Turkey's President Erdogan removes 492 religious staff as he imposes conservative Islam

Turkey's President Erdogan has fired 492 religious officials on suspected "terrorism" charges after an attempted military coup failed on July 16.

ReutersA soldier beaten by the mob is protected by plain chothes policemen after troops involved in the coup surrendered on the Bosphorus Bridge in Istanbul.

The move was part of a wider purge of those deemed to be opposed to the conservative Islamic leader. More than 50,000 people in total have been rounded up, sacked, or arrested in the wake of the coup.

Turkey's government has blamed US-based Muslim cleric Fethullah Gulen for directing the uprising. Gulen, who is said to have supporters in Turkey's civil service, police and judiciary, has strongly denied the accusations.

Erodgan is pressing the US to extradite Gulen and a government spokesman said the White House ought to extradite the cleric "on grounds of suspicion" and not require the facts of the case against him.

"There is very strong suspicion for his [Gulen's] involvement in this coup attempt. So this is sufficient grounds," said spokesman Ibrahim Kalin.

Gulen, whose school of Islam seeks to amalgamate Muslim teaching with liberal democracy, said the claims were "ridiculous". In a statement he said: "I urge the US government to reject any effort to abuse the extradition process to carry out political vendettas."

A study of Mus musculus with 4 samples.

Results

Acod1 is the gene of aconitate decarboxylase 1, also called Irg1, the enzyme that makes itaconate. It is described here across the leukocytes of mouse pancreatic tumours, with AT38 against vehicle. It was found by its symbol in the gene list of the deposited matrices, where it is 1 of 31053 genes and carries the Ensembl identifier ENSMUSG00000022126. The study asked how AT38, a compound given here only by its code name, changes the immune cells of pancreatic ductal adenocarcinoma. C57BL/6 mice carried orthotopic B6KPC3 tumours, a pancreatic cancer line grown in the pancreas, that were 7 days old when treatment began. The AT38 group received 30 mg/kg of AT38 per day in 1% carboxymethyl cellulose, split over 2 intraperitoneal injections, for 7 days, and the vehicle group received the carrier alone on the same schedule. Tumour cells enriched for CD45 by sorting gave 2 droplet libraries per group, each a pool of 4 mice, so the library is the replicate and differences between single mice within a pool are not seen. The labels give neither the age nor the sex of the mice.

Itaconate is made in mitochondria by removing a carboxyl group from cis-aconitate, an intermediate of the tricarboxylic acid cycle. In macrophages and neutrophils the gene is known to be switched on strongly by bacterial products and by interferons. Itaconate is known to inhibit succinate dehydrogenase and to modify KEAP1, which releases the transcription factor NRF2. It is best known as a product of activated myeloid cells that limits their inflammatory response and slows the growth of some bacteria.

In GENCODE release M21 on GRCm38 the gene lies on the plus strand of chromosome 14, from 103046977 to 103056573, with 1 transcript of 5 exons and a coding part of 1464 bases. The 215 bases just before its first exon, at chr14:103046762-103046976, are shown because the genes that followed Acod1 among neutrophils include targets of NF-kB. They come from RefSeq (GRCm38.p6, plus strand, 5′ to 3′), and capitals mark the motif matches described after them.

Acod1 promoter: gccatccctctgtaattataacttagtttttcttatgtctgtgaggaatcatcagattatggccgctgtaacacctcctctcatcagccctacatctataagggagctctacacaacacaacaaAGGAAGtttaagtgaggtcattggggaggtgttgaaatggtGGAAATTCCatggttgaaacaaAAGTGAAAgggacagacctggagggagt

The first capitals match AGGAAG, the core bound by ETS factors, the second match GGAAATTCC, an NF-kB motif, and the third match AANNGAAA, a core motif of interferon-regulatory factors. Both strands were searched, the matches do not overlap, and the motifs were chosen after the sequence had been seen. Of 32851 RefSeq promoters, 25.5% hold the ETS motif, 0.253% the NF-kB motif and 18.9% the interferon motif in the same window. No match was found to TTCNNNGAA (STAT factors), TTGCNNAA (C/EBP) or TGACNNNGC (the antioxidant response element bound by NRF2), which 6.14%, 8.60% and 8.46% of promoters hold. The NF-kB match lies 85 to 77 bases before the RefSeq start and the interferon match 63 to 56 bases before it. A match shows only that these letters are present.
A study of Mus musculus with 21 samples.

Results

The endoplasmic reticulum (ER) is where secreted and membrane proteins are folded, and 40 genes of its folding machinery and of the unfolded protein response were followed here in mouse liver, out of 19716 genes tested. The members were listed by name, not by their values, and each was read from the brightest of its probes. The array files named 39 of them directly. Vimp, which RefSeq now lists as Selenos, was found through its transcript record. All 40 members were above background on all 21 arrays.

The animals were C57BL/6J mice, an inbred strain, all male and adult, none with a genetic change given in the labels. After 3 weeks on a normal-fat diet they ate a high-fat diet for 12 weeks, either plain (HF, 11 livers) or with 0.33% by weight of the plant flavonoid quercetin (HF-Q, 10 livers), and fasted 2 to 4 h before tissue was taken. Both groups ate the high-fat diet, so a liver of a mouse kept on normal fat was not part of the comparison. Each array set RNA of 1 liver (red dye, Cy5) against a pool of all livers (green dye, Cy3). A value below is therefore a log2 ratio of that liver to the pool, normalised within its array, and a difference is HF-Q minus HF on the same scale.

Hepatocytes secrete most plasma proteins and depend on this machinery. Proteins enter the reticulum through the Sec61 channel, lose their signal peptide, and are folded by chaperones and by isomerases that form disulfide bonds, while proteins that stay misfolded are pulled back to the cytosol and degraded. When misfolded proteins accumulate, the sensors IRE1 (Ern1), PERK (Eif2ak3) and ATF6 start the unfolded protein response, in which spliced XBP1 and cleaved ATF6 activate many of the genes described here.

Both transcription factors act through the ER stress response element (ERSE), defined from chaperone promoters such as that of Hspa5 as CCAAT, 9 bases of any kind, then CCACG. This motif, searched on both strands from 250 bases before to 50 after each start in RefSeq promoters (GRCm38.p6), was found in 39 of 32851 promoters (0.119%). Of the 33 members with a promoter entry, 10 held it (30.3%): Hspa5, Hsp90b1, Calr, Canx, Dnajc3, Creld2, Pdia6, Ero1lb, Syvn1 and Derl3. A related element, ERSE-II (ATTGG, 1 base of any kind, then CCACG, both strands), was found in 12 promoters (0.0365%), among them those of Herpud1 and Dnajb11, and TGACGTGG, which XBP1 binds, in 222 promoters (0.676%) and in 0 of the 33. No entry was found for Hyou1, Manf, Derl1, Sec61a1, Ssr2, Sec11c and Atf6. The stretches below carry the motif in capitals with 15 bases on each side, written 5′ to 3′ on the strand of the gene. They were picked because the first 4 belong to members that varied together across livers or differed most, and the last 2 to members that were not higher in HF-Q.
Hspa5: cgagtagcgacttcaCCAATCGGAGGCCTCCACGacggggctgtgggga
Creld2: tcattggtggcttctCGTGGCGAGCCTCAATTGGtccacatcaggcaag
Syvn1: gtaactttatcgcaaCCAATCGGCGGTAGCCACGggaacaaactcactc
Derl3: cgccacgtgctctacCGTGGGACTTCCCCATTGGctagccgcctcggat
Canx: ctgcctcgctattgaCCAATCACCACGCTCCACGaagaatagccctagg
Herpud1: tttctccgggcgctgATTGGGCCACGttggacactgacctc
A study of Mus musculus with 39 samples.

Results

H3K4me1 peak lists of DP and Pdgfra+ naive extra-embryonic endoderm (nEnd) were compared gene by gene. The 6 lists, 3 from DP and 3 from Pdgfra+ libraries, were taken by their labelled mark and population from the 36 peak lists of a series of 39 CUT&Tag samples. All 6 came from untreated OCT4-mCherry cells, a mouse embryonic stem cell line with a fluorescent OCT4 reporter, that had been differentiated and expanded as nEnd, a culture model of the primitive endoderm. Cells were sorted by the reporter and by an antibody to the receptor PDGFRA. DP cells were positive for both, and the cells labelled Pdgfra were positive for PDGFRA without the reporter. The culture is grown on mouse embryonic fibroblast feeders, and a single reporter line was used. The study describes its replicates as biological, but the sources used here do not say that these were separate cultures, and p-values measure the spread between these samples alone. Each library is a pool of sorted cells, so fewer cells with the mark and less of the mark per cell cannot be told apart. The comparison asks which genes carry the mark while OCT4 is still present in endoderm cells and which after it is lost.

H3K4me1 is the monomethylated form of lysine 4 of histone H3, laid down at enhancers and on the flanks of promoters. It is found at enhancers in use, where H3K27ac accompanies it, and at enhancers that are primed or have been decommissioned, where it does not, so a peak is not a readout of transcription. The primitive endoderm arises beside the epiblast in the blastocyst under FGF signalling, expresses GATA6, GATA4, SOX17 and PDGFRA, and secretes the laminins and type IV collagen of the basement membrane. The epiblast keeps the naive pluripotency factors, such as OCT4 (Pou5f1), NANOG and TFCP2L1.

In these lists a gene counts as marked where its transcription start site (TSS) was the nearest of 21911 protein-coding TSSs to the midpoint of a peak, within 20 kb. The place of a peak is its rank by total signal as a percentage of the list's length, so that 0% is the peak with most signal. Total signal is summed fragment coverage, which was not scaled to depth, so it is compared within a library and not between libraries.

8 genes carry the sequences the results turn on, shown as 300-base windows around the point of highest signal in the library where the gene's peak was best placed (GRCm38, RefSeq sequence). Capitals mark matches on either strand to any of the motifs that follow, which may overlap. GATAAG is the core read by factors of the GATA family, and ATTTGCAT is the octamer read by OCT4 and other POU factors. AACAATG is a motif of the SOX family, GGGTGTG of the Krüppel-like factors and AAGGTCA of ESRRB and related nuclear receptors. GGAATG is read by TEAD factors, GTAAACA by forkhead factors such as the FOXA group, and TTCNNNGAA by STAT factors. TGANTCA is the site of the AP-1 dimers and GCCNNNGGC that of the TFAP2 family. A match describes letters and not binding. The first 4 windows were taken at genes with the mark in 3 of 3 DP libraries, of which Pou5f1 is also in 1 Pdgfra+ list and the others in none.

The Religious Affairs Directorate, from which the 492 officials were removed, has a duty in Turkey "to execute the works concerning the beliefs, worship, and ethics of Islam, enlighten the public about their religion, and administer the sacred worshiping places".

Often referred to as the Diyanet, it has been seen as on the liberal end of Islam and has allowed women preachers, in vitro fertilization and birth control pills.

But Erdogan is seen as wanting to impose a more conservative Islam. His AK party has roots in political Islam and has sought to criminalize adultery.

As well as religious officials in the Diyanet, Erdogan has arrested more than 6,000 military personal, sacked nearly 9,000 police officers and suspended about 3,000 judges.

On top of this 15,200 teachers and other education staff have been sacked, 1,577 university deans ordered to resign, 8,777 interior ministry officials dismissed, 1,500 finance officials fired and 257 from the prime minister's office sacked.